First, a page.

When it comes to home improvement, the UK is a nation of fearless have-a-go heroes. Even a global health crisis hasn’t dampened our passion for DIY. In fact, judging from reports from B&Q and Screwfix owner Kingfisher, if anything the lockdown’s only sharpened our appetite.

Demand for DIY supplies has been skyrocketing in the last few months, with sales leaping up over 40% in May alone. Kingfisher has announced that it’s had to hire thousands more temporary workers to cover the rush in online sales, while the DIY digital marketplace ManoMano’s reporting a 250% increase in demand for power tools over the previous year. Meanwhile, Homebase has sold twice the timber it was expecting to and plaster and cement demand are through the roof. The plaster shortage is actually becoming a bit of a problem, with suppliers simply unable to get enough of the stuff out of the door to keep customers happy.

What are you building in there?

So, what’s actually behind all this extra DIY activity? Obviously, with millions of people on furlough, we’re all spending a lot more time around the house. All those little jobs UK households have been putting off for months, or even years, are now getting bumped to the top of our national to-do lists. A recent survey run by tradesperson finder site MyJobQuote came up with the following breakdown of the UK’s top 10 DIY plans right now:

  1. Building tables.
  2. Fixing or reupholstering household furniture.
  3. Redecorating a room.
  4. Replacing doors.
  5. Fixing cabinets.
  6. Replacing carpets or flooring.
  7. Changing blinds or curtains.
  8. Reapplying sealant around tiling.
  9. Hanging pictures.
  10. Changing light fixtures.

As you can see, there’s a broad range of home improvements taking up our time and money during the lockdown. Other little tweaks and upgrades happening all over the country include replacing cracked tiles, mending worn-out showers and fixing torn wallpaper. It’s costing us some pretty significant cash, too. All told, an average DIY job around the home can run you anywhere between £100 and £700. That’s assuming it all goes to plan, of course. Unfortunately, for a lot of us, things don’t always run so smoothly.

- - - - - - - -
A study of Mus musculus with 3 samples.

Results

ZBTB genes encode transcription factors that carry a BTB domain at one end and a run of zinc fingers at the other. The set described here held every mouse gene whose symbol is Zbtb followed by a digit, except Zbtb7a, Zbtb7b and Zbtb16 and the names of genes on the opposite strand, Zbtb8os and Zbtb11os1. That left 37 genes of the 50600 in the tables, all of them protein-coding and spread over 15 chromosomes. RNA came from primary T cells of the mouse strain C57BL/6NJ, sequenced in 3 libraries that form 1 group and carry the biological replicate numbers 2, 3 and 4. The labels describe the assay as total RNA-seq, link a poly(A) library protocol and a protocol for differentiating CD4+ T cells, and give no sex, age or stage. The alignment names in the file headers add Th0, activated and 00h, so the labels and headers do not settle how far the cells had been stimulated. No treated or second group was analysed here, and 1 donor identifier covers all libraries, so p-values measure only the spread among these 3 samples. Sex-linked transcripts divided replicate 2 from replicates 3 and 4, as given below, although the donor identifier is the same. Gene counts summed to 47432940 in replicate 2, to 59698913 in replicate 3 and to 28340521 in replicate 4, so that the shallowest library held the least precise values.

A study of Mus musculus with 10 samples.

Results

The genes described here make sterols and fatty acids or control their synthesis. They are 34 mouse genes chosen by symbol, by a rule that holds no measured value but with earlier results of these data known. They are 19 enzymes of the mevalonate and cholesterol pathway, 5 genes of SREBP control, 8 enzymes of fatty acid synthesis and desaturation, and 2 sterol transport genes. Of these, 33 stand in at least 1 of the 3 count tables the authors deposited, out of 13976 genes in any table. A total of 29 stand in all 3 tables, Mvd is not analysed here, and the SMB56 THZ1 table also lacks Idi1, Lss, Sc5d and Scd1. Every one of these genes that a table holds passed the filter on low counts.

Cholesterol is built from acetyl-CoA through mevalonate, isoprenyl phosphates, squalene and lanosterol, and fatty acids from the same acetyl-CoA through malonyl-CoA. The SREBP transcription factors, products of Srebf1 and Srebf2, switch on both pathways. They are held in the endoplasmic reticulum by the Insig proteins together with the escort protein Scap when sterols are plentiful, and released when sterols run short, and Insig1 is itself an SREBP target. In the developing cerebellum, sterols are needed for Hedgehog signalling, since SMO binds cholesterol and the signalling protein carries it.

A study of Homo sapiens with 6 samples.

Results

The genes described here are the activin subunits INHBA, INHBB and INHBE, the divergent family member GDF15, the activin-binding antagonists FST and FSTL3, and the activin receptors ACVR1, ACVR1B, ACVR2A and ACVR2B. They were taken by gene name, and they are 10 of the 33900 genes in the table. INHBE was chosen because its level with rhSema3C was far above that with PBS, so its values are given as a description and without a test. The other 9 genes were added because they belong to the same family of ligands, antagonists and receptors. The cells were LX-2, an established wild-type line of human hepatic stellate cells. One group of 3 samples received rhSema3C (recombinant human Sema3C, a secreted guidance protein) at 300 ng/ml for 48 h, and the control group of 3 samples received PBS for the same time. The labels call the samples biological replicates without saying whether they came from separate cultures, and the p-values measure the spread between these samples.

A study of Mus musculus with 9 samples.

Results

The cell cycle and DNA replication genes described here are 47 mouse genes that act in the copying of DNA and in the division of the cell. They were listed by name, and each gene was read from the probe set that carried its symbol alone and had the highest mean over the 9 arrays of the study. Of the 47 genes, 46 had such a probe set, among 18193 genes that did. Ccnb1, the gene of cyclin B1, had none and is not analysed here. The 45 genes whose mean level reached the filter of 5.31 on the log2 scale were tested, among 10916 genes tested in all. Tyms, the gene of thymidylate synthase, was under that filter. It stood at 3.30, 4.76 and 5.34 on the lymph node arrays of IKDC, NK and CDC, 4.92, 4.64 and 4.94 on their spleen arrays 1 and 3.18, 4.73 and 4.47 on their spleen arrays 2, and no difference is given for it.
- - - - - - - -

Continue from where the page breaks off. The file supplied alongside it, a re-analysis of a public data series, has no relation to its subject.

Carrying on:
Finish what you started!

As it turns out, only about half of us ever finish the DIY jobs we start. With as many as 16 little jobs on the go at once in a typical British household, that’s a lot of expensive work left half-done. Worse still, we’re actually breaking almost as much stuff as we’re fixing up. Windows and fences are getting smashed, water pipes are bursting and nails are punching through electrical wiring everywhere we look.

An average, everyday DIY botch will tend to lump an extra £217 onto the cost of the job – but a staggering 1 in 4 of us are damaging our neighbours’ property as well, costing as much as £472 to put right. Put all that together and the costs start getting pretty scary. In a typical year, the average UK household runs up £1,500 or more on DIY jobs, including fixing the damage when it all goes wrong.

Even despite the risks and costs, the UK’s tradition of DIY is alive and well. Home improvement can be an expensive business, which is why it’s so frustrating that so any of us are leaving our cash in the taxman’s hands. An average tax refund claimed with RIFT would easily cover the cost of most DIY jobs – and it’s your money we’re talking about. Doesn’t it make more sense to use it for something real, rather than let it go to waste?

Use our free tax rebate calculator to see if you're owed money back by HMRC. If you are then with just a few basic details about you and your work, we’ll get the wheels turning on your tax refund claim. In the meantime, you can start planning the next DIY adventure you’ll be putting the cash toward.

RIFT is the UK's leading tax rebate and tax return experts. Check if you can claim tax back from HMRC using our tax refund calculator.  It will give you an instant estimate of how much you could be owed.